La. House tries to repeal rainy day fund statute
House leaders are trying to gain ground in their dispute with the Senate over the state's "rainy day" fund by undoing the statute at the center of the complaint.

Rep. Jim Fannin, chairman of the House Appropriations Committee, quietly slipped language into a Senate bill Wednesday evening that would repeal the part of the rainy day fund law with which House leaders disagree.

Fannin read the amendment at the microphone but never explained what it would repeal, and it was adopted so quickly that lawmakers had little time to look up what its impact would be.

House Speaker Jim Tucker on Thursday defended the maneuver and denied that he and Fannin were trying to sneak anything through the chamber.

"I understood what he was doing. I thought it was clear," said Tucker, R-Terrytown.

The House and Senate both want to use $198 million from the rainy day fund to help balance the budget, but they disagree on when it must be repaid. House leaders think it must be repaid immediately because of a constitutional provision governing the fund, formally called the Budget Stabilization Fund. Senate leaders say it won't have to be repaid for years.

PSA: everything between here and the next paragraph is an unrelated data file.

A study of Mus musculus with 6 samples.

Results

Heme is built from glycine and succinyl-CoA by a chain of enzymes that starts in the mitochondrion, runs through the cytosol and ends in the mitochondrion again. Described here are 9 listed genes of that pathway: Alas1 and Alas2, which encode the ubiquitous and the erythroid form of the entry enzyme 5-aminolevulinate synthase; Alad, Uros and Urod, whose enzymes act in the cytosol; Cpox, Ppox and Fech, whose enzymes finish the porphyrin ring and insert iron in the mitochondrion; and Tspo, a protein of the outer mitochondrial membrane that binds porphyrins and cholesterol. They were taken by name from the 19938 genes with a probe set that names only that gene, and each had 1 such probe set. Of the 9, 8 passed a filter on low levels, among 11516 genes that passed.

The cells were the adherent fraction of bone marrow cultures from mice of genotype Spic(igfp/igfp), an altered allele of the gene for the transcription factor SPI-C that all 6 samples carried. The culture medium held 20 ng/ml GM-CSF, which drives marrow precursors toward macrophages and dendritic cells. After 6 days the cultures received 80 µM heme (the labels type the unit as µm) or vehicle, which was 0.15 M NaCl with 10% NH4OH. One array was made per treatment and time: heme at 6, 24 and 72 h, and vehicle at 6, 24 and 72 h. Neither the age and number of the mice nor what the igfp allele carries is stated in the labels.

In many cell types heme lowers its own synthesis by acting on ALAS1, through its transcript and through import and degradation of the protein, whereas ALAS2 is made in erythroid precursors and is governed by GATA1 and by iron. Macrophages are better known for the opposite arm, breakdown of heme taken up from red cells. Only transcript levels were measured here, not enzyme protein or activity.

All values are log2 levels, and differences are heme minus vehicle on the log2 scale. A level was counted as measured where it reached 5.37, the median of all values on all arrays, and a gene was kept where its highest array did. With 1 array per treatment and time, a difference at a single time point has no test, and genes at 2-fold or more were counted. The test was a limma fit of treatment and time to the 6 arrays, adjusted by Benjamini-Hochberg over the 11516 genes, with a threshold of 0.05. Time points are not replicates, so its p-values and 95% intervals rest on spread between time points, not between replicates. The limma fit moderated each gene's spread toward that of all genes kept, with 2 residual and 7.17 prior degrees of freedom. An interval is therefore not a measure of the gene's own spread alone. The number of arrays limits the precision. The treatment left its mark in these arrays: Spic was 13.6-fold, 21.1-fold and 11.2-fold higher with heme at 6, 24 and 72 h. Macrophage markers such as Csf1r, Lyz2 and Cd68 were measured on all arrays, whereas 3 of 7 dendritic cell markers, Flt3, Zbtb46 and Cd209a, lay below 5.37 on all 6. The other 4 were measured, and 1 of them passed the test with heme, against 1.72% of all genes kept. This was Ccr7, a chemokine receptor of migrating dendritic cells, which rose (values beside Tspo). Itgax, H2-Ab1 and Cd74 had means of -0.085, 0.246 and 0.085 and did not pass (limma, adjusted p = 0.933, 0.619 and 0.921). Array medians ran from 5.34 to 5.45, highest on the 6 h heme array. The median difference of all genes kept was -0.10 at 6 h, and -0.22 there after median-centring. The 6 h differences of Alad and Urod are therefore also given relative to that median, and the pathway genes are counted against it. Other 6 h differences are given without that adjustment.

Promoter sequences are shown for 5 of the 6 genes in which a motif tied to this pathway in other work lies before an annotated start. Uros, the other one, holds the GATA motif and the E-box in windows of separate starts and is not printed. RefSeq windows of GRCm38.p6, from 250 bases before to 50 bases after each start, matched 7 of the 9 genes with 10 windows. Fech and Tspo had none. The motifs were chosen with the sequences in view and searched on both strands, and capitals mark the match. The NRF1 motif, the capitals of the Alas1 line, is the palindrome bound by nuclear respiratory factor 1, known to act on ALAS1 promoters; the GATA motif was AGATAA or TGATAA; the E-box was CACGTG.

The Senate is relying on a provision approved by lawmakers last year. Fannin is proposing to repeal that, with his addition to the bill by Sen. Jack Donahue.

"It's a piece of legislation that we believe is unconstitutional, and we can either repeal it here or it will be challenged at some point in the future," Tucker said, adding he would challenge it in court if senators don't agree to repeal the provision.

That proposal heads back to the Senate for approval of the change made by Fannin, certain to run into opposition from senators who disagree with the House.

Tucker said he notified Donahue before the change was made, but Donahue said he didn't know about the repeal language until after the House had adopted it and he was told of the maneuver by Senate staff. He said he didn't appreciate the hijacking of his bill.

"I'm still aggravated about it," said Donahue, R-Mandeville.

Donahue said he wasn't yet sure if he would object to the language added by Fannin - but if he doesn't, Senate President Joel Chaisson said he'd make the objection himself on the Senate floor.

"That's absolutely ludicrous that they would propose to do that in that fashion, without any discussion," said Chaisson, D-Destrehan. "There needs to be a debate about the merits of what they're proposing."

Particularly rankling some senators in the dispute is a separate bill by Fannin that would make additional stautory changes to the rules governing the calculation of the cap on the rainy day fund - even as Tucker and Fannin are arguing the statutory language about the fund's repayment is unconstitutional.